Yes, it is me again. Yes, so soon. (As a rough guide, I consider posting things more than once a month a lot. Up to a point, the longer one takes to compile and sift through material, refining the results to the point of readiness, the better the result. I will have something to say about this in time, too.) Because we are still in what we can call the negotiation or interview stage of the fight, I thought it might be worth the effort to post a few things about the things that make me unhappy, and the things that help to counter that.
I will get the unpleasantness out of the way first. One of the reasons that I recommend Lydia Brown‘s work to all and sundry is because the first thing I read on her journal is this article. Whether you like it or not, what you say or how you say it can and does have an impact upon the observer. Sometimes that impact can be a case of the observer being too stupid or ignorant to interpret it properly. But sometimes, the intent behind the words is so reprehensible that one deserves to be slapped for using them, or using them in that manner.
Person-first language pisses me off. Apart from its poor economy of words (something that I can talk your ears off about), an essential problem is that it has the opposite effect of what its creators intend when applied to the autistic. If you are one such person, and you are out there reading this, then hear this well: my autism is not, never has been, and never will be, separate to me. If you think this does not matter, go to a place like Harlem or South Central Los Angeles (forgive me if this analogy rubs people up the wrong way, I am using examples I am familiar with from media) sometime and start calling the largest male residents “people with blackness”. They might actually hurt you less than I would if you called me a person with autism to my face.
Another problem with person-first language is that it forms part of what the George Orwell novel Nineteen Eighty-Four was really about. In Orwell‘s text, much is made of the fact that the education system and official communication are being reorganised with the deliberate goal of making abstract thought difficult and sustained thoughts not in keeping with the Party’s agenda more or less impossible. And if you think this is only fiction and therefore does not matter, think again. Consider, if you will, that the only word in the English language that refers to the character of a woman who is not huddled in the dark in fear about her sexuality is “slut”, which roughly translates as something like “a woman who is dirty, terrible, and evil because she has sex and likes having sex”. There is no short-form word in English that means the exact opposite, that is, a woman who is alluring, admirable, and powerful because she embraces her sexuality and is unafraid to engage in the free exercise thereof.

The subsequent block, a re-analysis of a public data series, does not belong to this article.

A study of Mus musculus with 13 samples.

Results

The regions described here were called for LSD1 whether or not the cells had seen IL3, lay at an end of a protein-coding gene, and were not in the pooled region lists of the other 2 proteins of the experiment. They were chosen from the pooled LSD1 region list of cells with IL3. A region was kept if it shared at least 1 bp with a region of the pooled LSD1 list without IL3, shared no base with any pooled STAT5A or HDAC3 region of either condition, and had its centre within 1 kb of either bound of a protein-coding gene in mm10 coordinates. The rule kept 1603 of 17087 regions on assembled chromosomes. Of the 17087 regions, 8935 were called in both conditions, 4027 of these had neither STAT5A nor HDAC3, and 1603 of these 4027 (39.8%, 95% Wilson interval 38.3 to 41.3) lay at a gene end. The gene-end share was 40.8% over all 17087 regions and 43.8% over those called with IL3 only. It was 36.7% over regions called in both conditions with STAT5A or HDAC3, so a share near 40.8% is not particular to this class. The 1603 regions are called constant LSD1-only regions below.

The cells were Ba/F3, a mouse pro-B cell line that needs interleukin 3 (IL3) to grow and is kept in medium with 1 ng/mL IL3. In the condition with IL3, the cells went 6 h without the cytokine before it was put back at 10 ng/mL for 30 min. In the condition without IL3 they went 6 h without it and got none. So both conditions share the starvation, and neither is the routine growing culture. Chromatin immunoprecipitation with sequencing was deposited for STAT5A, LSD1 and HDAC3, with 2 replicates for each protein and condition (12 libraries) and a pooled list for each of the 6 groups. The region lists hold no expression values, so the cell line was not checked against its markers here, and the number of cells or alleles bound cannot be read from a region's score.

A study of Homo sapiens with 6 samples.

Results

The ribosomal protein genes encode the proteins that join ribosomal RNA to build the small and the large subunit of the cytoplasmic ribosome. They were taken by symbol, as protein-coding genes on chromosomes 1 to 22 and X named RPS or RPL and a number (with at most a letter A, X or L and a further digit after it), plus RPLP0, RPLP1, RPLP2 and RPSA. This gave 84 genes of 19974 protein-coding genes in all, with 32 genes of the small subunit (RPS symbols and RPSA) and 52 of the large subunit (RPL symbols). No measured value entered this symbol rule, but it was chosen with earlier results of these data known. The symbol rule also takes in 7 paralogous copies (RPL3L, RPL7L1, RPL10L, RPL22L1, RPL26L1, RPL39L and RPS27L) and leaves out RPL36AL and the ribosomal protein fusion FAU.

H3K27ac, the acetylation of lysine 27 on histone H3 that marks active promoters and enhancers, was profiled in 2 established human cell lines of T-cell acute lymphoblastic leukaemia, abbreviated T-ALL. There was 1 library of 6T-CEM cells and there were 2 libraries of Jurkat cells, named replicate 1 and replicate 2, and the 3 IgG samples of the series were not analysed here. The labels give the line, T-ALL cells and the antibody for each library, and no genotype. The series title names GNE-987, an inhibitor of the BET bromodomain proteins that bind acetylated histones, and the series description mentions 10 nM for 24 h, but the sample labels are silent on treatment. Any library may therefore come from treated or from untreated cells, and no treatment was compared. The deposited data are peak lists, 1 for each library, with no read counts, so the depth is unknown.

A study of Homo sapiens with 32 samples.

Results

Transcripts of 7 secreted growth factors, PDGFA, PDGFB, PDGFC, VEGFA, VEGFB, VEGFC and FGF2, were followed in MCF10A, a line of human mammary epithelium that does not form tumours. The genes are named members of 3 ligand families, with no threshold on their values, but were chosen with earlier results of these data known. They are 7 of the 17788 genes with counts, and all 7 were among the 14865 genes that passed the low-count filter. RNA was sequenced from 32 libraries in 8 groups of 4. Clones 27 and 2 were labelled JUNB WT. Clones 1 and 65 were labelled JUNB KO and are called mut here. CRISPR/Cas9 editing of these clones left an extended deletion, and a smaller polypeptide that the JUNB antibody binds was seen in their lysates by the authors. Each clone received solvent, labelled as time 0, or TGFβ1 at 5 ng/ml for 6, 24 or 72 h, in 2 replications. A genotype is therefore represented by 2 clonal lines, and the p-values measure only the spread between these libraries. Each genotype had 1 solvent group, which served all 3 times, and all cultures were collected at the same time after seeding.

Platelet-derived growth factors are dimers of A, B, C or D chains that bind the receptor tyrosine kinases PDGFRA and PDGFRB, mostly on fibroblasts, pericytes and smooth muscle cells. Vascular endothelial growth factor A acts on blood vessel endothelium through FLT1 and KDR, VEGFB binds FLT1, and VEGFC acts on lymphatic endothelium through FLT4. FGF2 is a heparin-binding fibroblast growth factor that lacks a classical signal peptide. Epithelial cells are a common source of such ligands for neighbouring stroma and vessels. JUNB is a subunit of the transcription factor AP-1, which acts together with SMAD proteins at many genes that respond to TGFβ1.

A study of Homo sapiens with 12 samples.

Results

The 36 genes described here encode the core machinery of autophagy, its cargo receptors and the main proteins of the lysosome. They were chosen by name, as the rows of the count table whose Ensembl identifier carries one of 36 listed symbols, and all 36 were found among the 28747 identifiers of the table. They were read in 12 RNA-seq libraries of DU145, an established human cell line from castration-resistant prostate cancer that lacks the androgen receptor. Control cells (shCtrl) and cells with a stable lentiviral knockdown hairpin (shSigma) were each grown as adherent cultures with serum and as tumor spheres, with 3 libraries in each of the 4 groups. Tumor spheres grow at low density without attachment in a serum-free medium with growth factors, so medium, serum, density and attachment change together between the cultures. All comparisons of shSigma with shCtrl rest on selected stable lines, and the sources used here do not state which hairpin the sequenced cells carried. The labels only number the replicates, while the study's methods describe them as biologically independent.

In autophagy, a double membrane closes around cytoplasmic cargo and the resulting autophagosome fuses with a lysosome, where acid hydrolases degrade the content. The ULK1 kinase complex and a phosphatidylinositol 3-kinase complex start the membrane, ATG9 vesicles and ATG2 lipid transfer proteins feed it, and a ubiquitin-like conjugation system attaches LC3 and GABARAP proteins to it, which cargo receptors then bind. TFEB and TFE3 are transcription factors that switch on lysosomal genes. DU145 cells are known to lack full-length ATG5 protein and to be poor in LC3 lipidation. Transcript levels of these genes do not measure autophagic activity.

“Person with autism” is a horrible phrase, one that provokes the urge to commit violence in me, because it implies that autism is somehow a separate entity to the person that must be excised and cut out. Hence, you will hear me refer to myself as a person with cancer (a basal cell carcinoma has begun popping up near the site where the last one was taken out) or a person with diabetes (this should require no explanation at all). But call me a “person with autism” to my face, and nobody else will act surprised if I tear your balls off with a fork and make you ingest them.
Now that I have expended a lot of words on just one thing that makes my work a nastier place than it really should be, allow me to talk about something that actually makes me want to stay in the game, in spite of how excluded I presently feel.
Around the middle of this year, the film RoboCop will be twenty-five years old. As directed by Paul Verhoeven and written by Ed Neumeier and Michael Miner, RoboCop is a masterpiece without equal. Either one of the writers, or perhaps producer Jon Davison, described the film as being like a series of elaborate Chinese puzzle boxes. Open one, and you find an exact replicate, only just that little bit smaller enough to fit, within. But for me, the most powerful reasons to watch it are two-fold.
One, the story was clearly written with adults in mind. Paul Verhoeven lived out much of his childhood in The Netherlands during World War II, which has had noted results on the manner in which violence is depicted in his films. You will never see an “ugh! ye got me!” shot in a Verhoeven film. It is like seeing a competently-staged action sequence in 99.99 percent of Hollywood productions nowadays. It just does not happen. Violence has consequences, which can sometimes stay with all those involved for the rest of their lives. When you string up the corpses of his countrymen out in the street for all to see in the view of a school-age boy, it marks them for life. Ditto if you take a school-age boy and start hitting him for the slightest perceived infraction, leaving him with no understanding of why, to use an example from my life.
Two, and this is totally by accident on the part of the storytellers, RoboCop portrays an actual autistic adult far better than any deliberate attempts to do so have done so far. The titular cyborg is marginalised, persecuted for the way he has been programmed by his maker, and follows a profoundly narrow procedure by instinct, even though he can reasonably foresee it resulting in his death, in the pursuit of his goals. Better examples of a fictional character behaving as an autistic adult would in similar circumstances, but not many.
And with this study in contrasts, I have to declare my typing hands closed for the night. This writing was a bit shorter than I was planning, but I am starting to fall asleep.
In case you wondered what the post title was about, it’s a line from an Adam Ant song. Adam Ant brought much joy to my life when I was a child. But that is a story for another time.